Language for abortion debate
In the April 4 cover story, “Inside Texas’ abortion wars,” the Monitor describes one side positively, by what it’s for, and the other side negatively, by what it’s not for. Calling one group “abortion rights” while calling the other group “antiabortion” legitimizes the first and discredits the second. Both sides in this debate should be referenced by the positive descriptor of their own choosing: hence, abortion rights and pro-life, without quotation marks.
Perhaps the Monitor was striving to be evenhanded, but a pro-choice slant was evident, especially in the widely differing tone of the two related articles. The reporting on judicial bypass featured no interviews or critiques from opponents of that practice, while the report on crisis pregnancy centers gave significant space to sharp criticism from activists on the opposing side. Let’s have evenhanded treatment.
Editor’s note: Like many news organizations, the Monitor uses impartial terms such as antiabortion and abortion-rights to describe advocates on opposite sides of the issue. Terms like pro-life and pro-choice are too general, and some people object to their use.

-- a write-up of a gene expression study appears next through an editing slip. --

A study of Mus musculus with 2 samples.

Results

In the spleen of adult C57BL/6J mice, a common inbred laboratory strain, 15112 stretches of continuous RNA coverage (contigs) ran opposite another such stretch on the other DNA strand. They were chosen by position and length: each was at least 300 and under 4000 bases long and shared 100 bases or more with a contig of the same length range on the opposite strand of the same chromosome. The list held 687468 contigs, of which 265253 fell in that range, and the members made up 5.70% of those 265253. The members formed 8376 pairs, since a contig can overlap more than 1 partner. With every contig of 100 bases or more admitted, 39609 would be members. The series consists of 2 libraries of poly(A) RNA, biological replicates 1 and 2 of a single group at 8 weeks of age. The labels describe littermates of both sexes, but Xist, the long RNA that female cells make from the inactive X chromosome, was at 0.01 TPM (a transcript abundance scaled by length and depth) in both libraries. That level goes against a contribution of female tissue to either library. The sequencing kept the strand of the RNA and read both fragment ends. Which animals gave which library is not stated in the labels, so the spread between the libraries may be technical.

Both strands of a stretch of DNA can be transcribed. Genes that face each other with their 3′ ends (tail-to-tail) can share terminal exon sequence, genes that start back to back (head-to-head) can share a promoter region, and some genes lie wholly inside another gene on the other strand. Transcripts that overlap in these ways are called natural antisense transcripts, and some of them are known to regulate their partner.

Readability in the magazine
I am writing with regard to the Points of Progress feature. I very much appreciate these reminders of worldly progress. However, my habit (as it probably is with most readers) is to begin reading from left to right. In so doing, the column on the left page is the first taken in, but it directs you two pages away to its conclusion, thereby passing up the text on the map. To me, it would flow better if the column were on the right-hand page, making the natural transition to turn the page after having read the two-page feature.
I have much gratitude for all the Monitor provides our world. I have especially looked forward to the dovetailing of one article to the next throughout the issue.